Critically acclaimed, released into a post-Covid movie theater reality, it wouldn’t surprise me if you’d not seen or even heard of the Academy Award nominated movie, Nomadland. The film follows a fictional vanlifer named Fern as she travels on a numbing quest through the shadowlands of a little explored side of the USA – the wastelands of the Great Recession.
Formerly employed in a factory town and married to a husband lost to illness, Fern has taken up the life with which I am intimately familiar. On her journey she meets other fellow nomads often played by real people caught up in their own endless, melancholy road trip.
There’s an alcoholic who’s addiction led to burnt bridges with his family. A terminally ill woman searching for a quiet place to die. A wandering campervan messiah preaching the way of the road and telling deeply sorrowful tales about his lost son.
Throughout her journeys, Fern processes beets, cleans toilets, shuffles Amazon packages alongside tireless robots, and hosts at one of the bleakest campgrounds I’ve ever seen (I’ve seen quite a few…). All the while, she’s constantly on the move not by choice, but as a means to escape her personal demons.
It’s a decent flick. And it gets many things right about nomad living. Some people do take to the lifestyle out of necessity, not choice. There are some deep inequities in our system many Americans would rather not face. Medical expenses can absolutely devastate a person or family’s finances and as much as the runaway stock market wants to hide it, we’re still all paying for the downstream effects of the Great Recession where many people fell through the cracks and never surfaced.
I’ve also seen the exploitative side of nomad living with the movie showcases. Seasonal or transient workers absolutely get taken advantage of by employers. You have to be very careful about who you agree to work for and very clear about the compensation.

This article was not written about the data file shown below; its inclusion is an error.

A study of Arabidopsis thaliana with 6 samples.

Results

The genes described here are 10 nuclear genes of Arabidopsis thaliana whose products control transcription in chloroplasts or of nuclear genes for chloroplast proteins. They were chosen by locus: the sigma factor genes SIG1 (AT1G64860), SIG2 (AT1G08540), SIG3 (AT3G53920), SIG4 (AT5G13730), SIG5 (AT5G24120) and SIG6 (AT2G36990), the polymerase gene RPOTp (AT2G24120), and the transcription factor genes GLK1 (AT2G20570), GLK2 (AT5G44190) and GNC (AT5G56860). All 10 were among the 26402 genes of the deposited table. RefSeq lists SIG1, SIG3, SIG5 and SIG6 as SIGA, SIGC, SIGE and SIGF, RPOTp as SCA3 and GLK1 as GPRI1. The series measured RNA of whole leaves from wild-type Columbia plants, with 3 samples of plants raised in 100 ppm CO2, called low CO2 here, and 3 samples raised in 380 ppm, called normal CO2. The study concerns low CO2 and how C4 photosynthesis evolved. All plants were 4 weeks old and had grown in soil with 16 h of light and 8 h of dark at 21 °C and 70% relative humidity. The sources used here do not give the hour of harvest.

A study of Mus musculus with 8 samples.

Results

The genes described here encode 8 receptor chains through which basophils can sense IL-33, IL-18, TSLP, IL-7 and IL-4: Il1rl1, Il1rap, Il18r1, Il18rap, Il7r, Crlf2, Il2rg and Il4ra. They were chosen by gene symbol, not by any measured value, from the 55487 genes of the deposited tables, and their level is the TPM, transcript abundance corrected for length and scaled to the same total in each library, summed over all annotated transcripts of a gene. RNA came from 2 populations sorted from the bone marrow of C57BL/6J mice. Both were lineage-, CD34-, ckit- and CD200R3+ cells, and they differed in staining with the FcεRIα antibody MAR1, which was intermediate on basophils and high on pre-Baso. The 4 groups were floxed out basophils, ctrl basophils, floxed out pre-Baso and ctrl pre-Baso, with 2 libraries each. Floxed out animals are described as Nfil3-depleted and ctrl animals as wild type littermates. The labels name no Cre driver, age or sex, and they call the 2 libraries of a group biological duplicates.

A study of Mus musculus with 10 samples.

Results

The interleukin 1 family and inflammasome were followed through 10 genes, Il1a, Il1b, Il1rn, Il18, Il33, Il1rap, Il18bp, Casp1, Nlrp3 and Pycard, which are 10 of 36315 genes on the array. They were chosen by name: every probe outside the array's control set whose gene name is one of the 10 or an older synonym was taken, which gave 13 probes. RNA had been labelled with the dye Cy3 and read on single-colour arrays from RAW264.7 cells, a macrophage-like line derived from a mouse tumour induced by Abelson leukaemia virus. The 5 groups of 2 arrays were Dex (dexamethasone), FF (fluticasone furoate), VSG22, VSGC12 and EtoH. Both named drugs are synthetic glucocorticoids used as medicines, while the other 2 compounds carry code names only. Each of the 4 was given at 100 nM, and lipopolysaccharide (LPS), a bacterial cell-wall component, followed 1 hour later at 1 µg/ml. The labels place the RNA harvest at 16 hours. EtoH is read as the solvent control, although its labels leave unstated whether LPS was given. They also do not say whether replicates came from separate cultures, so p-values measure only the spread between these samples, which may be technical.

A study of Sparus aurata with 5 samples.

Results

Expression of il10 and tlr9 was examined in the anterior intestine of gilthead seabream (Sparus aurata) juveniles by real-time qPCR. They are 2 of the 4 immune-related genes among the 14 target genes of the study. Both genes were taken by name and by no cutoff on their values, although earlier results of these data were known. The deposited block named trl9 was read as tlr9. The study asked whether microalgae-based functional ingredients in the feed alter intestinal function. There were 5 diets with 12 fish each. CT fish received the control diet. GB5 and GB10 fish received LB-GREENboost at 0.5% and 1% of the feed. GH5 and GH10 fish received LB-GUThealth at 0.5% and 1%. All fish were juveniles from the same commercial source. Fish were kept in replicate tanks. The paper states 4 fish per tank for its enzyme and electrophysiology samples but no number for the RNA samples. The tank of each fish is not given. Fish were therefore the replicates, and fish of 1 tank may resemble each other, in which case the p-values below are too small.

You’re often trading your time for their profit, only earning a parking spot and utilities at best. Many unscrupulous owners will take full advantage of the situation, making unreasonable demands or using you to provide skilled labor which they’d rather not pay for.
You have to be clear about the limits.
In Oregon and California, I’ve also seen the vast encampments of the homeless. People who maybe once had a house or a van or an RV and who now have nothing. The fine line between living on the road by choice and by circumstance breaks down into a indistinguishable blur.
There is absolutely a darkness there. A truth most Americans would rather not acknowledge. Nomadland relentlessly tours that fine line.
If a person with no understanding of the nomad life walked away from this movie believing the lifestyle was a hellscape, I’d forgive them. There are bad aspects, just as in every human endeavor.
But for me, this isn’t some tragic happening. For me this is and has always been a choice. I am living my best life on the road. Not some mobile haunting of my former existence.
Maaike and I planned this. We intentionally sold our two story house and most of our possessions to buy a house on wheels. We spent two years in a smaller rental house to transition. We even tried to start a business which we could run remotely to ensure we had as much time and money as humanely possible to enjoy our journey.
That business failed. And yes, it cost us a large sum of money. This wasn’t a catalyst forcing us onto the open road though, just a minor setback.
Instead of being able to completely abandon traditional work, I volunteer and she works her old job remotely to make this life possible (a pre-pandemic insight we both shared about the inevitability of telecommuting.)
We aren’t facing tragedy or hardship. We’re living life to the fullest and discovering just how out of balance the world we left behind is.
One scene in Nomadland alludes to this when the vanlife messiah addresses his gathering in the nomad mecca Quartzite, Arizona. He makes references to the unsustainable lifestyles society asks us to lead – economically, ecologically, and personally. All of these motivators for my own journey and things I’ve only come to understand more deeply as the odometer spins.
A sliver of hope in an otherwise depressing film. Not that those sorts of movies can’t be good, but as a window into my life, it fails quite miserably.
Of the fellow nomads I’ve met, only few seemed to be victims of circumstance with no other options or little hope. They’ve been excited about their lives on the road. Many planned the switch or came into it from stable jobs where pensions and travelling or telecommuting work was the norm. They’ve been young, old, married, and single. Millennials, Boomers, Gen Xers. All generations. All walks of life.
All of them excited about where the road will take them next.
Watch Nomadland for some hard truths. Realize though that it isn’t representative of everyone’s experience out here on America’s highways. We have quite a ways to go, certainly, but I’ve got a full tank and plenty of freedom to figure out how I get there.